21 Jan Electric vehicle charging infrastructure – a merciless bottleneck
With rapid expansion of the electric vehicle (EV) marketplace, most owners still charge their EVs at home or at work, where some employers have installed chargers. Others park overnight or “top off” on short local trips at public charging stations, such as parking garages, retail parking lots and converted light poles on street curbs. However, one of the main barriers to mass EV adoption remains the potential customer’s concerns about how far an EV can go on a single charge – so-called “range anxiety.”
The exact number of public charging stations that will be required to support the market demand for EVs and achieve environmental goals in the coming decades is unknown. But one industry analyst forecasts explosive growth of this caliber: from about 1.3 million in 2020 to 40 million in 2030 and 200 million in 2050. Both public and private sectors worldwide are currently investing billions of dollars in EV charging stations and related infrastructure to quell range anxiety and herald the broad adoption of EVs. In the U.S., the Biden bill signed into law on November 15, 2021 allocates $7.5 billion for EV infrastructure. States like Massachusetts, home to Prezerv headquarters, are working hard with public utilities to build out EV infrastructure in order to meet their ambitious goals for electrifying transportation over the next decade.
Turning now to the nitty-gritty details of satisfying EV customer demand: All of these public charging stations must undergo permitting/approval and construction processes, including making sufficient electrical upgrades and connections to the established power grid. In many cases, the permitting process involves months of discussions with various entities such as the Department of Transportation, municipality review committees and conservation boards. On the construction side, building each EV charging station necessitates digging an underground trench and laying down conduits to connect the charging station to the electric grid. This process can be particularly challenging and time-consuming in old, densely populated cities where contractors are forced to rely on outdated, inaccurate maps of underground infrastructure. Underground construction under such conditions raise safety hazards, project delays and cost overruns.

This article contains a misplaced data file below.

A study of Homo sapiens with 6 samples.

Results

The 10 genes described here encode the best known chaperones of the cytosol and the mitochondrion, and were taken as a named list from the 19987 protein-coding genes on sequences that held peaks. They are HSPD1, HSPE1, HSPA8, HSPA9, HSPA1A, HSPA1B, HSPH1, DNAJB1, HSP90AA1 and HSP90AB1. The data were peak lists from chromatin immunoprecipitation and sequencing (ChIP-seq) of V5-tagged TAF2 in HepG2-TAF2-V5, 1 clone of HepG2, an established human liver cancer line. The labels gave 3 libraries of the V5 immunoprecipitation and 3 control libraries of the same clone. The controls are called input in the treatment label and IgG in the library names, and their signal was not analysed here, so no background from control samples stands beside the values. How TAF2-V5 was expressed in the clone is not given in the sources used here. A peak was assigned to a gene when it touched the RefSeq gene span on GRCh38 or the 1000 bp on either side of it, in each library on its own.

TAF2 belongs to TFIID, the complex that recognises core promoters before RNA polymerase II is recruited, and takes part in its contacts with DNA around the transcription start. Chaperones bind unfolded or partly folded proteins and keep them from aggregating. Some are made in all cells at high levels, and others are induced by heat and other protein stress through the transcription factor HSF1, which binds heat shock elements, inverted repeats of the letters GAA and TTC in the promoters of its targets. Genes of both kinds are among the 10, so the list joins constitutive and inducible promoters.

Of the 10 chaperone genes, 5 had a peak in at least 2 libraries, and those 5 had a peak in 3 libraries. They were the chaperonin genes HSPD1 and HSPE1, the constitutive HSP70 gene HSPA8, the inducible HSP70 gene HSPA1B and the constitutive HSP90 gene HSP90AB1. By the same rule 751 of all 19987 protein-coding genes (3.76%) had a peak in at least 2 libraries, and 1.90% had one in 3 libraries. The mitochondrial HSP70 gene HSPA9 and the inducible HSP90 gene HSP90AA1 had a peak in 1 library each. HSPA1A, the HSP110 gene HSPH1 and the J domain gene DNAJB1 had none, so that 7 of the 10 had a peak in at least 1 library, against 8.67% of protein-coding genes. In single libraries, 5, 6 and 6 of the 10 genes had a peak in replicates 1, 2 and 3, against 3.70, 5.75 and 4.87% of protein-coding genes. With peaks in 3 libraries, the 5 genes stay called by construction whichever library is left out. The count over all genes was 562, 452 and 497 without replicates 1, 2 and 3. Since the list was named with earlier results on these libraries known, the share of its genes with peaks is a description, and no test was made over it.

The Prezerv’s Voxler platform and Build Safe application are built to help shorten the design and review process and make the construction project safer and faster. By helping to accelerate the buildout of the EV charging infrastructure, the Prezerv team is proud to support net-zero goal and creation of environmentally sustainable communities.